UK's Syria stance 'wrong every step of the way', ex-ambassador to Damascus says


Peter Ford, who was the ambassador in Damascus from 2003 to 2006, said Bashar Assad's government should be given "a little credit" for the "relatively peaceful" end to the siege in Aleppo.

He added that "there is now a Christmas tree" in the city's central square, which there would not have been "if the other side had won".

The former diplomat said the UK's policy on Syria had been mistaken from the start, saying then prime minister David Cameron should either have been prepared to commit British forces onto the battlefield or refrained from "encouraging the opposition to mount a doomed campaign which has only led to hundreds of thousands of civilians being made or killed".

"We have made the situation worse," he said.

"It was eminently foreseeable to anyone who was not intoxicated with wishful thinking. The British Foreign Office, to which I used to belong, I'm sorry to say has got Syria wrong every step of the way.

"They told us at the beginning that Assad's demise was imminent. They told us he would be gone by Christmas - they didn't tell us which Christmas so they could still be proven correct - but then they told us that the opposition was dominated by these so-called moderates, that proved not to be the case.

"Now they are telling us another big lie, that Assad can't control the rest of the country. Well, I've got news for them, he is well on the way to doing so."

The Syrian regime took full control of Aleppo on Thursday for the first time in four years after the last opposition fighters and civilians were taken out of the war-torn eastern districts in buses.

Mr Ford said Assad's forces would need to consolidate their hold on Aleppo and defend against possible counter-attacks.

"However this is a time to welcome the fact that there is now a Christmas tree in the central square of Aleppo - there wouldn't be any Christmas tree if the other side had won," he told BBC Radio 4's Today.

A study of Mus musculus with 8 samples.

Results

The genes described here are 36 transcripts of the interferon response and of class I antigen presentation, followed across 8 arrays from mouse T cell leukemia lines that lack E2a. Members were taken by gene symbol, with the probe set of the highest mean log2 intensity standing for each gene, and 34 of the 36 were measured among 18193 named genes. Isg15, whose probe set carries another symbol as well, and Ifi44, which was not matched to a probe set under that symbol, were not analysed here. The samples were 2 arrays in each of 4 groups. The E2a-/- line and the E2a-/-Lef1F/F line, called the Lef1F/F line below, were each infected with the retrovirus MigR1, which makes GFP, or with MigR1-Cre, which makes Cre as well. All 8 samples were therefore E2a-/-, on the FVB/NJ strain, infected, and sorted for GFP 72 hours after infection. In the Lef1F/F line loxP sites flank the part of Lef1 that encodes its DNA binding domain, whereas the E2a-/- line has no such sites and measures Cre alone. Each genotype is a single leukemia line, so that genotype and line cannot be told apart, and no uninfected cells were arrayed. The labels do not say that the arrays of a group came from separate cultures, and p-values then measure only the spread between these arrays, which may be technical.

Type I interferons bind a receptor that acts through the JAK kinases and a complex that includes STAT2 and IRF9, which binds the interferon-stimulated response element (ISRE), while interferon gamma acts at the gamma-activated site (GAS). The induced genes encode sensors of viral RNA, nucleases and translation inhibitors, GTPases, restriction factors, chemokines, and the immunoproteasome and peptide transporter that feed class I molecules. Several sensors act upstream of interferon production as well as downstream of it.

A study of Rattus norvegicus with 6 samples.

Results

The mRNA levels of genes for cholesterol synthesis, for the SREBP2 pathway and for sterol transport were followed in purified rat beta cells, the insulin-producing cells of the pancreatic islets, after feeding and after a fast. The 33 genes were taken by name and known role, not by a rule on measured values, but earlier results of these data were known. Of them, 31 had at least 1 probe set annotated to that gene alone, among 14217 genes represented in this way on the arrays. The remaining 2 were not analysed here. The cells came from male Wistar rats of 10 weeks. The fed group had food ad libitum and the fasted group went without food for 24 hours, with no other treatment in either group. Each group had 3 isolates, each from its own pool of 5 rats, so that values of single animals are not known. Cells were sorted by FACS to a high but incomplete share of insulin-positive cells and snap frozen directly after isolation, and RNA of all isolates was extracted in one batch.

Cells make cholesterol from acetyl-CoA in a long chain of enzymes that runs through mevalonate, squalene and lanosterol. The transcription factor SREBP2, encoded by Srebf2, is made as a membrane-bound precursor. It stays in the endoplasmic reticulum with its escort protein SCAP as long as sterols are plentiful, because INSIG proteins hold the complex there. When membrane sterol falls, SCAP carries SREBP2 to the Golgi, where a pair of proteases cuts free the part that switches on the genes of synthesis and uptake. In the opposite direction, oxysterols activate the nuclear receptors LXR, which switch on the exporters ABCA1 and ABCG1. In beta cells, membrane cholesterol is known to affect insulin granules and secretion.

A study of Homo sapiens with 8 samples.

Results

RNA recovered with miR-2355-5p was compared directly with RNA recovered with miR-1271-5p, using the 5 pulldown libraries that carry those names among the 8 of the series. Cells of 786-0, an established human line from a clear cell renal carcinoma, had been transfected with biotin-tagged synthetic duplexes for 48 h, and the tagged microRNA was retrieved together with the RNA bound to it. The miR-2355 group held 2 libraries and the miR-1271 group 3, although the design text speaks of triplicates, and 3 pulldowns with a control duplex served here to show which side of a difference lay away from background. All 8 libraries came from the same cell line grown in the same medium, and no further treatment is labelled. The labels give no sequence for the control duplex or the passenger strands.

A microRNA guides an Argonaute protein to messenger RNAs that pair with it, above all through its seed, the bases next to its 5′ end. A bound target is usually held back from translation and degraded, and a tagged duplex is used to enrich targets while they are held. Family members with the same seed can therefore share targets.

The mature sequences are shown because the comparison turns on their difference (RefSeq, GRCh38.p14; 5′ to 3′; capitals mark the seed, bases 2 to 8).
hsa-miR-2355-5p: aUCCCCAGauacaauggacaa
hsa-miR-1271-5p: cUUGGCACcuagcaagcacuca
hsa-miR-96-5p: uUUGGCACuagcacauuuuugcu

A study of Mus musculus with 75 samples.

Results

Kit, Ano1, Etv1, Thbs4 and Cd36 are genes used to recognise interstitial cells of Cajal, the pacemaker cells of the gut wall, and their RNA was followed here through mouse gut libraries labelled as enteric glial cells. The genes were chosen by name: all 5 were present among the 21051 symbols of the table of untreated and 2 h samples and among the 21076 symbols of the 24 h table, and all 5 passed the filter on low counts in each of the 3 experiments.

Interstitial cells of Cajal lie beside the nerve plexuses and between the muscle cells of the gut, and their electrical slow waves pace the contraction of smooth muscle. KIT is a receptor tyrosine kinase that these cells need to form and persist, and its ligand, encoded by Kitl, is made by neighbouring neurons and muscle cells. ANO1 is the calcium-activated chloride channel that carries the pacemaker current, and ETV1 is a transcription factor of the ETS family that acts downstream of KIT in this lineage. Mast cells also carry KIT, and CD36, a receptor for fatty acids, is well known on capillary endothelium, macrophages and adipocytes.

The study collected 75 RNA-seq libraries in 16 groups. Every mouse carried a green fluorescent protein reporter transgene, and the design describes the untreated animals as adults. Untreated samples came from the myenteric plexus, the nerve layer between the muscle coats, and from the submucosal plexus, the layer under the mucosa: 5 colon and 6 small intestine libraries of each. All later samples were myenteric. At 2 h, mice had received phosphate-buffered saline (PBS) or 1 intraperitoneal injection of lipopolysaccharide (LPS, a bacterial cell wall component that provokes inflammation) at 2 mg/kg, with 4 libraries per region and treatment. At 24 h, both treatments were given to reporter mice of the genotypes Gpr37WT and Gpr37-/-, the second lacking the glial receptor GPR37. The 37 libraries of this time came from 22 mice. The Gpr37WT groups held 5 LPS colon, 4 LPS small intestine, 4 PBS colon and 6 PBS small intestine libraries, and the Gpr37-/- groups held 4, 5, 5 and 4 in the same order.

There has been widespread condemnation of the Assad regime, backed by Russia and Iran, over the bombardment of Aleppo but Mr Ford said similar attacks were being carried out in the fight against Islamic State in Iraq and in the conflict in Yemen without the West raising concerns.

"I think we are very selective in our indignation about the Aleppo campaign. Similar bombing is going on in Mosul and in Yemen and we give the people there a pass. We don't talk about atrocities, we don't talk about war crimes although they are indisputably being committed in both those theatres. We don't talk about genocide, holocaust.

"We will be lucky if those campaigns end with the green buses - there were no green buses in Gaza, there were no green buses after the Nato bombing in Yugoslavia. I think we need to give the (Syrian) government a little bit of credit for what has been a relatively peaceful end to this terrible period."

Pressed on the regime's attack on hospitals, Mr Ford said: "It was also a war crime to use hospitals as command centres, which is what the jihadis did. It was also a war crime to use schools to store ammunition, which is what the jihadis did."